Magnic Light iC brings new features to touchless dynamo bike light

Magnic Light iC brings new features to touchless dynamo bike light
The Magnic Light iC tail light, in place on a bike
The Magnic Light iC tail light, in place on a bike
The Magnic Light iC's generator kernel
The Magnic Light iC tail light, in place on a bike
The Magnic Light iC tail light, in place on a bike
The Magnic Light iC head- and tail lights
The Magnic Light iC head- and tail lights
View gallery - 3 images

German inventor Dirk Strothmann certainly caught some peoples' attention last year, when he released his Magnic Light touchless dynamo bike light. Instead of slowing the bicycle down by pressing on its tire, engaging magnets in its wheels, or adding friction in its hub, it's able to generate electricity simply by being close to a spinning metallic rim. Now he's about to launch the Magnic Light iC, which will offer some interesting new features.

First of all, how does the original model work? Well, as we explained in our prior article, the Magnic Light has magnets in the dynamo (as opposed to the wheel), and utilizes eddy currents. Basically speaking, these are electrical currents that are induced in a conductor, when that conductor is exposed to a changing magnetic field.

"Relative movements of magnets and neighbored conductive material induce eddy currents in the conductive material – in our case the metallic rim," said Strothmann. "These eddy currents have their own magnetic fields which are absorbed by the Magnic Light generator kernel and by this way produce electric energy."

The result was a device that was compact and wireless, like a battery-powered light, but that didn't require batteries. Its output wavered a little with the spinning speed of the wheel, however, plus it went out whenever the wheel stopped. The Magnic Light iC addresses these limitations.

Using a new onboard microprocessor, it's reportedly able to adapt to the current speed, maintaining peak efficiency at speeds ranging from 3 to 30 km/h (2 to 19 mph). When the cyclist stops, a built-in capacitor keeps the light illuminated. The iC is also said to be optimized for the LEDs used, allowing for more light per unit of power – about 160 lumens per watt.

Additionally, the lens has been redesigned in order not to blind oncoming motorists.

Strothmann is now raising production funds for the new light, on Kickstarter. A pledge of US$69 will get you a head- or tail light, while $179 will get you two front and one rear. The funding goal was met in just a few days, so commercial production does look likely.

More information is available in the pitch video below.

Source: Kickstarter

of course there is a resistance to motion because of the flux. still a cool idea if it generates enough electricity this way.
Cool device. However, I have a very bright flashing tail light that I bought for 10$ years ago, and a set of batteries last for a year or longer. And I use it when I go jogging in the evening (no spinning metal there). So ....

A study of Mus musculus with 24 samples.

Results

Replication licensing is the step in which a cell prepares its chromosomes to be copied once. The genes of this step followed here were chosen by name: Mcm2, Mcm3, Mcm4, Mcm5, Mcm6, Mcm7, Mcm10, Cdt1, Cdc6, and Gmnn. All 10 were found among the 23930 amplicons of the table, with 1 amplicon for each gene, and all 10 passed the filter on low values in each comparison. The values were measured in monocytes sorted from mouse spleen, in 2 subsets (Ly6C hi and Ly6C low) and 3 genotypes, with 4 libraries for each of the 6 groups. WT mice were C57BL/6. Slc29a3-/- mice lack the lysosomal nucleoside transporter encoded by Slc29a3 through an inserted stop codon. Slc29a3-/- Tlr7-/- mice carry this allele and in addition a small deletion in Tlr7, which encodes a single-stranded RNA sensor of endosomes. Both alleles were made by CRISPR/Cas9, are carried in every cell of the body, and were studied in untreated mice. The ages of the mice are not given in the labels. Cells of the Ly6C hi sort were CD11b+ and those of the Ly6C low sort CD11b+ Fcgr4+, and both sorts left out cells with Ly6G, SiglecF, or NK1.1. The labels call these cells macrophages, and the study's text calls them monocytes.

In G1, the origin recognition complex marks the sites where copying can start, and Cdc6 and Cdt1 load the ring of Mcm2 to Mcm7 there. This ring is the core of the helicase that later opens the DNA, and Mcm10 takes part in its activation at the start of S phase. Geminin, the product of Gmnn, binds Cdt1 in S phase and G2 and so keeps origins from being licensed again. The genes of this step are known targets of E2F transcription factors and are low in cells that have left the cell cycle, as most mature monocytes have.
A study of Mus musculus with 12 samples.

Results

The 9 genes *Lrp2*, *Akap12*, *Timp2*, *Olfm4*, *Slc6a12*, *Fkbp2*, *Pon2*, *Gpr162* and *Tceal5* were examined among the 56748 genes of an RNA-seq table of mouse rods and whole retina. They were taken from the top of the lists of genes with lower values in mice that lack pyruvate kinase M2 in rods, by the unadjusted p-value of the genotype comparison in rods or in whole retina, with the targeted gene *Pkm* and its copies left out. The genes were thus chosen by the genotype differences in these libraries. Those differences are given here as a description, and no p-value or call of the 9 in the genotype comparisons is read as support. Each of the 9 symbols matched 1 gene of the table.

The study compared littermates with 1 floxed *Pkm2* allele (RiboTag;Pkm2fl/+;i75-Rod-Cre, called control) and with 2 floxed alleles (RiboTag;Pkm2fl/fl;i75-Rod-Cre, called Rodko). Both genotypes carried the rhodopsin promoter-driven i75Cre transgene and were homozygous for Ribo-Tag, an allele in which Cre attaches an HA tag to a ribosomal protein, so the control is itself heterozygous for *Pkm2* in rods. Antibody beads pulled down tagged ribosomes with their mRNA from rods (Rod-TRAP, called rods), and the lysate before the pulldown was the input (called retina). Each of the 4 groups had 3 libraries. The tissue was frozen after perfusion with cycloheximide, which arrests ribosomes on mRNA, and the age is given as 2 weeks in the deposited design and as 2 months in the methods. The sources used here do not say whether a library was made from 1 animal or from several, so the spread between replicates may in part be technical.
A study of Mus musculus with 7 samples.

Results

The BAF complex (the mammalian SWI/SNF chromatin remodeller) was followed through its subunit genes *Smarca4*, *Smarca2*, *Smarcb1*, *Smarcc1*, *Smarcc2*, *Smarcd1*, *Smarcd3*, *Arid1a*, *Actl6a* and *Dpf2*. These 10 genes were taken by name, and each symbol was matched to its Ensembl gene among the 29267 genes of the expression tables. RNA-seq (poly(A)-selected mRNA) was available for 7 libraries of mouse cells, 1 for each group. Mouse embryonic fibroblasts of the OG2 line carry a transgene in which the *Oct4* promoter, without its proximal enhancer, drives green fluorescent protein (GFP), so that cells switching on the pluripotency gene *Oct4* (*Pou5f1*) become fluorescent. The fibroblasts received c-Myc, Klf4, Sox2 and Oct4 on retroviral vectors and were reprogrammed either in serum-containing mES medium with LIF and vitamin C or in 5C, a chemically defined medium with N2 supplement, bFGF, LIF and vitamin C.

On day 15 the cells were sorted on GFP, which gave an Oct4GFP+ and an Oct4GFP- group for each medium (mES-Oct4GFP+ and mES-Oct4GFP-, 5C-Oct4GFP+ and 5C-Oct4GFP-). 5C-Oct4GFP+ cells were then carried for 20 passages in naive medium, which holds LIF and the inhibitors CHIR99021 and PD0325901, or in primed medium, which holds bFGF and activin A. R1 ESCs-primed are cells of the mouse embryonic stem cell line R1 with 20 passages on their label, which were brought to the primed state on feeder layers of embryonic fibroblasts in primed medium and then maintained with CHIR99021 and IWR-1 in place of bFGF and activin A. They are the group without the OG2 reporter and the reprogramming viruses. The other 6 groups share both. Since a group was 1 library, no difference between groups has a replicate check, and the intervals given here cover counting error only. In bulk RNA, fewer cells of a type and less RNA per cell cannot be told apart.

Mel Tisdale
If all new bikes had these built in - and automatically switched on - bikes would be a lot safer, a lot cheaper (due to economies of scale) and the devices themselves unlikely to be stolen. (If all bikes had them, who would be the target buyer for the thief to sell them to?)
I would like to see them pulse whenever lit, especially the rear ones, - perhaps with a rate linked to speed - rather than just when stationary, but I assume that there are reasons why that has not been done. (I speak as a car driver, not a cyclist.
I would not want to be reliant on a capacitor alone. I used to cycle in the dark frequently in the 1980's, and the choice in the UK was either a tyre-driven dynamo which caused friction, were liable to blow bulbs on fast downhill runs, and went out when stationary; or the unreliable battery powered lights of the time, prone to being stolen, heavy and bulky, liable to run out of juice, and they suffered from issues relating to the use of different metals for the switching parts which caused galvanic corrosion (and thus loss of light- especially at the back where you wouldn't necessarily be aware of the light being out).
Modern LED lamps have really made products like this history. And the capacitor is only going to provide very short-term illumination (maybe as short as a few seconds?) I really can't see the advantage of this product unless combined with proper battery backup.
I have been using a set of Reelight SL100, a front (white) and rear (red) flashing be-seen bicycle lights, invented by Troels Pedersen of Denmark, since 2009. I works on the same principle as Magnic Light (dynamo or magnetic induction). Five years on, not one single problem faced.
A 25 farad 2.7V capacitor costs a bit over $2 in quantity and holds enough usable energy to run the light at full power for over a minute, or much longer in pulsed or low-power mode. I don't know if they are using a capacitor that big, but it wouldn't break the bank.
The USP of this product is the implication that generating the electricity comes at no cost in friction, or drag, or some other energy loss.
That would clearly violate the law of conservation of energy.
As Robert Hirsch has already said, there will still be drag because of the electromagnetic flux; the law still applies (of course).
Therefore this is not a product with integrity, it's just some guy lying by omission.
Jochen Demnitz
E H where do I get supercaps for that price?